Cross Reference: Science and religion; friends not enemies

In Columns, Cross Reference

Evolution in the historical Darwinian sense is defined as the process in which organisms tend to adapt to their environment for survival to reproduce themselves for the perpetuation of their own species.

This concept revolutionized scientific models and provided, at the time, the desperately missing link to the possible source or “origin” of species in the biological sciences. Unfortunately, as Kenneth Miller in his book, Finding Darwin’s God, argues, philosophers and others have taken Darwin’s fundamental theory and blown it out into other academic disciplines where it does not belong, such as theology.

In the same way, religion—namely Christianity—should not try to delve into science as Christian theology exclusively aims to explain purpose and existence through God and Jesus. Any perceived attempt at an overlap is bad hermeneutics.

Proper exegetical principles have shown that Scripture is not in fact a science textbook that aims to explain any scientific concept from creation to death. To do so is an explicitly erroneous and fallacious reading of the text that should never be considered.

Miller, a devout Catholic, argues when science and other disciplines attempt to blend together, major discontinuities surface that should not. Science only attempts to explain empirical phenomena (as it should) and other disciplines, namely theology, only should attempt to explain the immaterial that is too abstract for science to touch.

Miller says that theology and science are two different spheres that deal with completely different issues. The overlaps, he says, are not only minimal but are not present in each’s purest forms.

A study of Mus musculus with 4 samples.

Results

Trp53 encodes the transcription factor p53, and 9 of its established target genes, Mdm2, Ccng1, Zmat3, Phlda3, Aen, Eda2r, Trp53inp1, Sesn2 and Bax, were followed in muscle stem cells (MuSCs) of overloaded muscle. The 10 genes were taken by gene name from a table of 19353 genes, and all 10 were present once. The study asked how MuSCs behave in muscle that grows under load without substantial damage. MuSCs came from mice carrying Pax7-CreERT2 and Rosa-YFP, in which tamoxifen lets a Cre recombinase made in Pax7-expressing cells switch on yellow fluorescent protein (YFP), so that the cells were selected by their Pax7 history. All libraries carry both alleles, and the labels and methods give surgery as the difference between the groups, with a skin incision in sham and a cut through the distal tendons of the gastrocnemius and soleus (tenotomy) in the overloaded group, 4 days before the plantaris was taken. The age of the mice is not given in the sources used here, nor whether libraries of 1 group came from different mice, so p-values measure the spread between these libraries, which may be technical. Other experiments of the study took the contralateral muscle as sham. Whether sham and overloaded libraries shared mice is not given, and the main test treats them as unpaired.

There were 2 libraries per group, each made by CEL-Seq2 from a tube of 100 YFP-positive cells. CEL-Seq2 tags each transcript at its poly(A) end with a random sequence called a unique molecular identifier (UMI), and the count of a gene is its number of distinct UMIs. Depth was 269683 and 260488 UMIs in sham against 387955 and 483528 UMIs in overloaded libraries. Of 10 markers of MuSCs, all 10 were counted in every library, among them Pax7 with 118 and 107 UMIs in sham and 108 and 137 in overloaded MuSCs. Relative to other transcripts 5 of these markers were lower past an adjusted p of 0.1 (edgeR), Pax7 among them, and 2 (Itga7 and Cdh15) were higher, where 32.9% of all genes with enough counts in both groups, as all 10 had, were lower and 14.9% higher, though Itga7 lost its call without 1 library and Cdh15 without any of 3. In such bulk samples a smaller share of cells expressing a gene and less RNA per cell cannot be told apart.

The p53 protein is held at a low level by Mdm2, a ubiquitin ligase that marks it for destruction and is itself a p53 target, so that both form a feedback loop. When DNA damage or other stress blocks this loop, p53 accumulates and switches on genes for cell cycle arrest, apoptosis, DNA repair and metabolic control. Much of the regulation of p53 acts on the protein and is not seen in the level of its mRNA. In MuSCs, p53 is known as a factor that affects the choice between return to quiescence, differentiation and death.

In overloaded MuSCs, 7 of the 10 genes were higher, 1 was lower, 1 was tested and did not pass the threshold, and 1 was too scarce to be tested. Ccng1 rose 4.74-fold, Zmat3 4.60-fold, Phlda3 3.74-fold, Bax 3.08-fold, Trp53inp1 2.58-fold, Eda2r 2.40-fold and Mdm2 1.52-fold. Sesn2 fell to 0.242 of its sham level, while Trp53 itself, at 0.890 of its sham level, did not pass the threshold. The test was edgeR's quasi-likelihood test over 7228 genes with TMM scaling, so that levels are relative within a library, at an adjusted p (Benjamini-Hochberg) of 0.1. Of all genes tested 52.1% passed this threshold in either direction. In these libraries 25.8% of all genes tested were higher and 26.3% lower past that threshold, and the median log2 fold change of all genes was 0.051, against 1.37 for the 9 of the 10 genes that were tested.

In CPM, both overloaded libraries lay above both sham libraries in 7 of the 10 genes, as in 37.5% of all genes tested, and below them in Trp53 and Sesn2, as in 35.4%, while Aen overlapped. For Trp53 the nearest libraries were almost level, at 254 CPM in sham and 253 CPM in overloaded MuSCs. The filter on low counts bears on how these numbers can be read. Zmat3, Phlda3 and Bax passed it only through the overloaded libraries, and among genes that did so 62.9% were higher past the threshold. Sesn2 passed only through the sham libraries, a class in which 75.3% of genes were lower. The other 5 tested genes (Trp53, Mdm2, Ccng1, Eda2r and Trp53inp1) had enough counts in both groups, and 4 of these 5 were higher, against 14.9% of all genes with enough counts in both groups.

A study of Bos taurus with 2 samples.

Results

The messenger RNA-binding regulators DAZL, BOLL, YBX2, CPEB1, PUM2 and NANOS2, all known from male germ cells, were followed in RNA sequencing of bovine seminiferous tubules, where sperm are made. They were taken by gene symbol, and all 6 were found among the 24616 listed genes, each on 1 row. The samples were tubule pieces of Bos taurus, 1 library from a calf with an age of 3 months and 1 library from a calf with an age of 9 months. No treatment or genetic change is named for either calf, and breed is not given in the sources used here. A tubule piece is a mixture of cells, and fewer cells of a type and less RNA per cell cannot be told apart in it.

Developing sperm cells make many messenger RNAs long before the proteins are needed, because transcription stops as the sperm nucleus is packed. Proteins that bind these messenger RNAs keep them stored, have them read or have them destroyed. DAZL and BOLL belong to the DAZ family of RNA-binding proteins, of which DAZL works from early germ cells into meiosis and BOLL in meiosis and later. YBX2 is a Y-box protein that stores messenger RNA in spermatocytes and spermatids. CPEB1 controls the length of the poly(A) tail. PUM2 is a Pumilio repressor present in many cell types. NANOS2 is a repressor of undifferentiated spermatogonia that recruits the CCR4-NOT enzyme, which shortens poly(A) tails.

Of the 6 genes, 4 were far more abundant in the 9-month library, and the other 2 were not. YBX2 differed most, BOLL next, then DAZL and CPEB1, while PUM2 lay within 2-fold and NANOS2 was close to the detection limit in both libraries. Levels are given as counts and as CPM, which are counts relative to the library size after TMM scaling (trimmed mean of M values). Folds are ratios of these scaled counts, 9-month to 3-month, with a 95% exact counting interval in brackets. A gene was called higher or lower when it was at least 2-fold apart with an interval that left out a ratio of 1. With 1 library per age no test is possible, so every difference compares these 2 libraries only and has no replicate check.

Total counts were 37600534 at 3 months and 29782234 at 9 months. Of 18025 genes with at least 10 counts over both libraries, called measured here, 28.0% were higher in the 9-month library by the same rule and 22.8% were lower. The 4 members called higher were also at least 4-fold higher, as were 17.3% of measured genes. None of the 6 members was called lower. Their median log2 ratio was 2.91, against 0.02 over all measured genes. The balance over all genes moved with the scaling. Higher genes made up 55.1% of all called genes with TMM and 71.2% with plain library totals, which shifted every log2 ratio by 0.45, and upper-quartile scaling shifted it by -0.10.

The National Academy of Sciences addressed the rift between science and religion in a statement in 1998 to clear the air of any misconceptions that had arisen.

“At the root of the apparent conflict between some religions and evolution is a misunderstanding of the critical difference between religious and scientific ways of knowing. Religions and science answer different questions about the world… Religious and scientific ways of knowing have played, and will continue to play, significant roles in human history.”

Miller’s thesis in his book is that evolution and Christianity are both equally relevant and valuable because of each other. He sees them as complementary to each other by virtue of difference as the National Academy of Science attested to.

Miller sifts through arguments of the world’s leading atheists and other secular thinkers with extensive scientific backgrounds. His critiques are that the world simply does not understand the divide that should exist between science and religion.

In the same work, he refutes the work of the infamous Michael Behe’s, Darwin’s Black Box, where he comes to the definition of an irreducible complexity, the idea that some concepts cannot be reduced any further down to proteins because of their complex makeup.

Because of irreducible complexities that exist in nature, argued Behe, must mean that there is a “designer.” But that in itself is a fantasy. The truth, as Miller points out, is that irreducible complexity in Behe’s example organisms are deeply flawed and therefore falsified.

Miller’s work, published in 1999, even predates the 2005 Kitzmiller v. Dover Area School District case where Behe admitted on the witness stand in Dover, Pennsylvania, that the textbook Of Pandas and People was repackaged creationism as “intelligent design” and the court ruled to have the book removed from schools.

Evolution, Miller says, has contributed more to his faith in Jesus Christ and God than anything else because through his perspective, science and God validate each other through a pseudo-necessitative way.

“What if the very foundations that seem to lock evolution and religion into conflict were built upon suspect ground?” asked Miller.

Christianity or other faith groups should stay out of Darwinian evolution altogether because meaning and existence are not found in science.

To do so would violate the purpose of religion altogether.

Miller says there should be no social implications to Darwinian evolution because Charles Darwin didn’t intend it that way. He was no expert in theology and did not attempt to be.

In the same way, theologians should not attempt to explain science because theology was never meant to.